Susie Sokol plays Pedro Romero in "The Select (The Sun Also Rises.)"
(Photo by Rob Strong)
There is much good to be said about the very fine Elevator Repair Service production, “The Select (The Sun Also Rises),” which has been extended through Oct. 23. One of the highlights of this imaginatively staged show is the trick of breathing life into the bullfight scene that Ernest Hemingway described in his 1925 novel about young expats living in Europe after World War I.
For a couple of moments, Susie Sokol, who plays Pedro Romero, transcends the box of the theater and takes us into the arena for a glimpse of man — or in this case woman — versus bull. Her casting as the bull fighter is one of the nuances that helps to crack open the play excerpted from Hemingway's novel. That and a clever sound design (by Matt Tierney and Ben Williams) and witty anachronisms, which are consistently funny.
But the deeper pleasure is found in watching the dynamics between the play's characters unfold.
Hemingway’s writing style has long been celebrated. But by the mid-'70s, he was increasingly judged to be, well, macho. As college course offerings burst with diverse choices and feminist values were given more prominence, American literature was being redefined. So to spend an evening listening in on Hemingway’s intimates as they drink and talk was well worth the price of admission — at least for this English major.
Our guide into this world is Jake Barnes, a writer and journalist played by the facile and winning Mike Iverson. He and every man who shows up in the play are smitten with the modern, witty and very attractive Lady Brett Ashley. Ashley, who is wonderfully played by Lucy Taylor, is the center piece of the story. She calls the shots, she captures the attention, she drives the action and the men to distraction.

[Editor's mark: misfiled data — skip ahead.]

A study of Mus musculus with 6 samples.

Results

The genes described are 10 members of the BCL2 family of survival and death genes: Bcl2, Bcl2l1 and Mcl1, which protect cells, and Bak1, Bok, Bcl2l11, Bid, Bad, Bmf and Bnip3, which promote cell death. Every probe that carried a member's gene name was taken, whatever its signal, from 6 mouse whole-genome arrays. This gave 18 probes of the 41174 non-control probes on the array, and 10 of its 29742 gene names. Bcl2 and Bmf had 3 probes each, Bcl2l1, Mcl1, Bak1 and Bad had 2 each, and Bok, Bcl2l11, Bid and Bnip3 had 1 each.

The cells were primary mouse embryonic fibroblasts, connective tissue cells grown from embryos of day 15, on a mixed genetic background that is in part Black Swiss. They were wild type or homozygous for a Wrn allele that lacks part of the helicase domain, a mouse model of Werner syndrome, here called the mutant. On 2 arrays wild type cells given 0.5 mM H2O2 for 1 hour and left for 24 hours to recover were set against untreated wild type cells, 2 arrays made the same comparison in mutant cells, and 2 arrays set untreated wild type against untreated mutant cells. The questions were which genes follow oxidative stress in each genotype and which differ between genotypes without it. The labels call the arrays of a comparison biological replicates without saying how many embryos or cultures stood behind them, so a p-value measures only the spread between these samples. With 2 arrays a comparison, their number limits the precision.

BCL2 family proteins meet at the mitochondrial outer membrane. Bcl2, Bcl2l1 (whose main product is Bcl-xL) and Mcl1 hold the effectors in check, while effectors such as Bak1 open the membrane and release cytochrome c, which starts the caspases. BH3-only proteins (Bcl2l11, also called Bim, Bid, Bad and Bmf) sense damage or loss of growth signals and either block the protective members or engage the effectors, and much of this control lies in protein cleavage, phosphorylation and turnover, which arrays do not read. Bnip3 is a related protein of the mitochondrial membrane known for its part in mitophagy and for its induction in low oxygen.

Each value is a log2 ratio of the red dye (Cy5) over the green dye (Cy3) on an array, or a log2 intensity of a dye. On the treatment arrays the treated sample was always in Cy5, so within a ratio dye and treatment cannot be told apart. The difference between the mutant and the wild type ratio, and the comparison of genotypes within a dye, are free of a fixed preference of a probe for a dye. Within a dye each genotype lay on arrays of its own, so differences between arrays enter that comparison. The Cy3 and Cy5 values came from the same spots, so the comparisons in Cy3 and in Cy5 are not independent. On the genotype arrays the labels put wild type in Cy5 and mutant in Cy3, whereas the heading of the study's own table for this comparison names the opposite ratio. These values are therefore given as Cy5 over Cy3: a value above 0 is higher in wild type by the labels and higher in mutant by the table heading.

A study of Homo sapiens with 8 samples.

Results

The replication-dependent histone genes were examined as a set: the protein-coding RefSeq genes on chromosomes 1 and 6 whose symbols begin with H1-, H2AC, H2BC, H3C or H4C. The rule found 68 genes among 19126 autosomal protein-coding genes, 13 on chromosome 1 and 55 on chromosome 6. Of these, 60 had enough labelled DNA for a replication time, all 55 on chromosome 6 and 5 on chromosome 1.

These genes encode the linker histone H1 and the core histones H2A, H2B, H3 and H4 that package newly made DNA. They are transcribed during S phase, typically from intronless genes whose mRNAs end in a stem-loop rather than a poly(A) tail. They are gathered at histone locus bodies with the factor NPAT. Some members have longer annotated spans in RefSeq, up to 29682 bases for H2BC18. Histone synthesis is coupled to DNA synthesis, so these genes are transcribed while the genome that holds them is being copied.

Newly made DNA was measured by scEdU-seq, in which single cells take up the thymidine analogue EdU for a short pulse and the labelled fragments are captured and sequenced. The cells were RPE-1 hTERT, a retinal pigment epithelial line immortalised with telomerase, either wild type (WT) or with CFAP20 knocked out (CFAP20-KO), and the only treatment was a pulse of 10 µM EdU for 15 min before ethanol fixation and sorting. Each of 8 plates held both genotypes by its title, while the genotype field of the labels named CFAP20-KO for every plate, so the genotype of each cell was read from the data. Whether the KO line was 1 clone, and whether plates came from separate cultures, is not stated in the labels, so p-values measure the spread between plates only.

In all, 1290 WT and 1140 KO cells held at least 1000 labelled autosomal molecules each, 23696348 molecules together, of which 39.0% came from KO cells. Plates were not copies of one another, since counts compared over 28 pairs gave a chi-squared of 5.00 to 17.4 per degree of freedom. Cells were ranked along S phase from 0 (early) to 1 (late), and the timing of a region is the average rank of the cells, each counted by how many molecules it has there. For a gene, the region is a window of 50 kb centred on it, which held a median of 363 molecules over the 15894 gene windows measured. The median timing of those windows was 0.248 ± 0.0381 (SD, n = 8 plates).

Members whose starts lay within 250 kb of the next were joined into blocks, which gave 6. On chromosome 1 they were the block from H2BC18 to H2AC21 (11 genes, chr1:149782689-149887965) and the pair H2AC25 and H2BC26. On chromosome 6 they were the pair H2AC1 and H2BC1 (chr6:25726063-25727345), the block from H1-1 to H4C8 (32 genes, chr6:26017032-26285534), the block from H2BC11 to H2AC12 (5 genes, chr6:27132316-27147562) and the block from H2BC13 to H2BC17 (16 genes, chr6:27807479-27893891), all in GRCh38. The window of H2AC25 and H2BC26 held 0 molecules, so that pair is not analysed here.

Yes, there is lots of drinking — lots of it — and fishing and swaggering shoptalk. But more than anything, each of the men who enters the frame just want some time with Brett. And their vulnerability is touching. Jake himself is impotent (a war injury), and as a result he is given the trusted role of confidante for this femme fatale.
In the end, it’s an evening of watching a woman masterfully swing the red cape to tease the bulls, bring on the lunge and move on to the next conquest. All in all, an excellent night of some hard drinking at the bars with some very entertaining and oddly familiar people. And, you don’t have to wake up with a hangover.
“The Select (The Sun Also Rises),” directed by John Collins, runs at the New York Theatre Workshop through Oct. 23. Watch a clip from the play below.
Karen Frillmann, WNYC's Enterprise Editor, works on the original and agenda setting stories that emerge from the microphones and recorders of WNYC’s reporting staff. She got her start in broadcast journalism at WNYC when it was still New York City’s Municipal Broadcasting System.